ASIC commences insider trading civil proceedings against Westpac

The Australian Securities and Investments Commission (ASIC) has commenced civil proceedings against Westpac for insider trading, unconscionable conduct and breaches of its Australian financial services licensee (AFSL) obligations, related to the bank’s role in executing a $12 billion interest rate swap transaction with AustralianSuper and a group of IFM entities.

The transaction occurred on 20 October, 2016, and was associated with the privatisation of a majority stake in the electricity provider Ausgrid by the NSW Government and was the largest rate swap transaction executed in one tranche in Australian financial market history.

At about 7am on 20 October, the consortium signed an agreement with the NSW Government for the acquisition of Ausgrid.


The corporate regulator alleged this was inside information and when the market opened at 8:30am, whilst in possession of the alleged inside information, Westpac’s traders acquired and disposed of interest rate derivative products in order to pre-position Westpac in anticipation of the execution of the swap transaction.

ASIC alleged that Westpac’s trading occurred while it was in possession of information that was not generally available to other market participants including those that traded with Westpac that morning.

The consortium, via a special purpose vehicle, executed the interest rate swap transaction with Westpac at 10:27am.

ASIC alleged that Westpac’s trading on the morning of 20 October had the potential to impact the price of the swap transaction to the detriment of the consortium or the special purpose vehicle.

In addition to the insider trading allegation, ASIC also alleged the circumstances surrounding Westpac’s trading on the morning of 20 October, which included its failure to provide to the consortium full and informed disclosure about its intention to pre-position its trading books prior to and with notice of the execution of the swap transaction, amounted to unconscionable conduct.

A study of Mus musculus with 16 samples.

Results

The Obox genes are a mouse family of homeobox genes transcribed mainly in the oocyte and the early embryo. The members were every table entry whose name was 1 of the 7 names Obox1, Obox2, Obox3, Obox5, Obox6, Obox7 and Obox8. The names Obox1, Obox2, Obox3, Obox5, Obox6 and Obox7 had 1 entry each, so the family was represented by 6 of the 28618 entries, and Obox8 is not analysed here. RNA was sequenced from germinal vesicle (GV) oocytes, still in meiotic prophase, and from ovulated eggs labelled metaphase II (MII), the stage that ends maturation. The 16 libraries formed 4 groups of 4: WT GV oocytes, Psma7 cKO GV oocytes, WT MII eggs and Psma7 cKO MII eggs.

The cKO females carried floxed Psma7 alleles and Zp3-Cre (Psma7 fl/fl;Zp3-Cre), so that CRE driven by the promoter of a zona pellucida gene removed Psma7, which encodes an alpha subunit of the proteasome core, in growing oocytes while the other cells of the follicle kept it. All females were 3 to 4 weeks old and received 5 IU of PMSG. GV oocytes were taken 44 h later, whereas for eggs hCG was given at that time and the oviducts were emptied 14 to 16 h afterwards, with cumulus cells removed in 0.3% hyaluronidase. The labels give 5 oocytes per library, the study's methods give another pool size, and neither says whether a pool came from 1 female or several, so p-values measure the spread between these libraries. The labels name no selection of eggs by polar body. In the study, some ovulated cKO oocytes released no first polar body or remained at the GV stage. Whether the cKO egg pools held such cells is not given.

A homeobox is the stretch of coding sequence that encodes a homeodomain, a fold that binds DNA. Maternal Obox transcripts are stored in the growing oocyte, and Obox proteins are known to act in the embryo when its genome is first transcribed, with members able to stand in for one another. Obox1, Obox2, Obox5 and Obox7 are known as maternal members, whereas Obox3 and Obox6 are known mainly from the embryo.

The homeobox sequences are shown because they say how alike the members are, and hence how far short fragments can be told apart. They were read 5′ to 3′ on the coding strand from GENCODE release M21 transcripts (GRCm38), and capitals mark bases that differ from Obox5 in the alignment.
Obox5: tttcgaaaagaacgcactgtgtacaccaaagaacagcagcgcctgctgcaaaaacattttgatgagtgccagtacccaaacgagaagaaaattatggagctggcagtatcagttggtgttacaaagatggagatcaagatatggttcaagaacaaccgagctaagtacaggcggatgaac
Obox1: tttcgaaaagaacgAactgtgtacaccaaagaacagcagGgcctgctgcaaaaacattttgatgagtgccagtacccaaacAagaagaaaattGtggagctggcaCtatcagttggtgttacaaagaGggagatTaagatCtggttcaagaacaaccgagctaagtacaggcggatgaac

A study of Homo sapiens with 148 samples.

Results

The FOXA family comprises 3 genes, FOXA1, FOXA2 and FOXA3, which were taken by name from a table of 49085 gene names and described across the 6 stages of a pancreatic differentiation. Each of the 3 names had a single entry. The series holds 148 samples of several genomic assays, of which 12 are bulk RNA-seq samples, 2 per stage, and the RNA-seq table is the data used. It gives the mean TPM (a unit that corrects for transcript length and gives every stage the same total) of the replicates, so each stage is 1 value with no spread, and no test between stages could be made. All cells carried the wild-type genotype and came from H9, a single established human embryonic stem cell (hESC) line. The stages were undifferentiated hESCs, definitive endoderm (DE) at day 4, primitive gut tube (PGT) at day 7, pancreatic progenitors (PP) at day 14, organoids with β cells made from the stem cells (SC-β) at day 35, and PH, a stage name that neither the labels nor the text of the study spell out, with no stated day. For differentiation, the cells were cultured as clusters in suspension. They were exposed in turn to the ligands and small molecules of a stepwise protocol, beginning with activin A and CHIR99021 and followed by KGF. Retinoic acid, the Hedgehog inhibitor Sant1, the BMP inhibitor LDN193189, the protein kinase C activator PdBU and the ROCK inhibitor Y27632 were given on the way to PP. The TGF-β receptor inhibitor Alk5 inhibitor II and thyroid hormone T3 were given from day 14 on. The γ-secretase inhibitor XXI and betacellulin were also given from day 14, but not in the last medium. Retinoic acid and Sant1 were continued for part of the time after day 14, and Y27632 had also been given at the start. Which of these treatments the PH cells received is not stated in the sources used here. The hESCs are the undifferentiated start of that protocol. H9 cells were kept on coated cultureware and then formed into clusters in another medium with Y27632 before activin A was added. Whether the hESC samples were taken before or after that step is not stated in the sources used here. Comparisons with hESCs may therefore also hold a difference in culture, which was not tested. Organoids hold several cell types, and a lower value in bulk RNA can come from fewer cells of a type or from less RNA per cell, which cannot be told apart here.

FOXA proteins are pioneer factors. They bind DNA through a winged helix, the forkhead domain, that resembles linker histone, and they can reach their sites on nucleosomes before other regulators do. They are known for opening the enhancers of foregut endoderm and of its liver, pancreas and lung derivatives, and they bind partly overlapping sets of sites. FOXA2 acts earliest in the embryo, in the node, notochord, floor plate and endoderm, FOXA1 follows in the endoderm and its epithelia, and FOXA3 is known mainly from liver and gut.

ASIC sought declarations and pecuniary penalties for Westpac’s alleged contraventions s1043A of the Corporations Act and s12CB of the ASIC Act, a declaration for Westpac’s alleged contravention of s912A of the Corporations Act, and ancillary orders.

In a statement to the Australian Securities Exchange (ASX), Westpac acknowledged the proceedings and said it would not comment further as it was now a matter before court.


So all the energy they spent on going after their ex-advisers and threatening to take their homes under their bizarre and discredited internal "lookback" was maybe all just a smokescreen to cover their own misdeeds?

no duke that was another red herring ASIC sent every major bank on after the RC...they were all put on notice and given stern instructions to respond or face EU conditions on their license which was viewed as highly unpalatable....but it does show you that where the adviser industry as a whole has suffered from it, the bad practices, and behaviour were predominant within advice in the banks and thats never fully been acknowledged...take the ASIC levy as an example of "all pay for the sins of the few"

Looks like Westpac cost Industry Super some money - and ASIC is not happy? Revenge time. This could be interesting.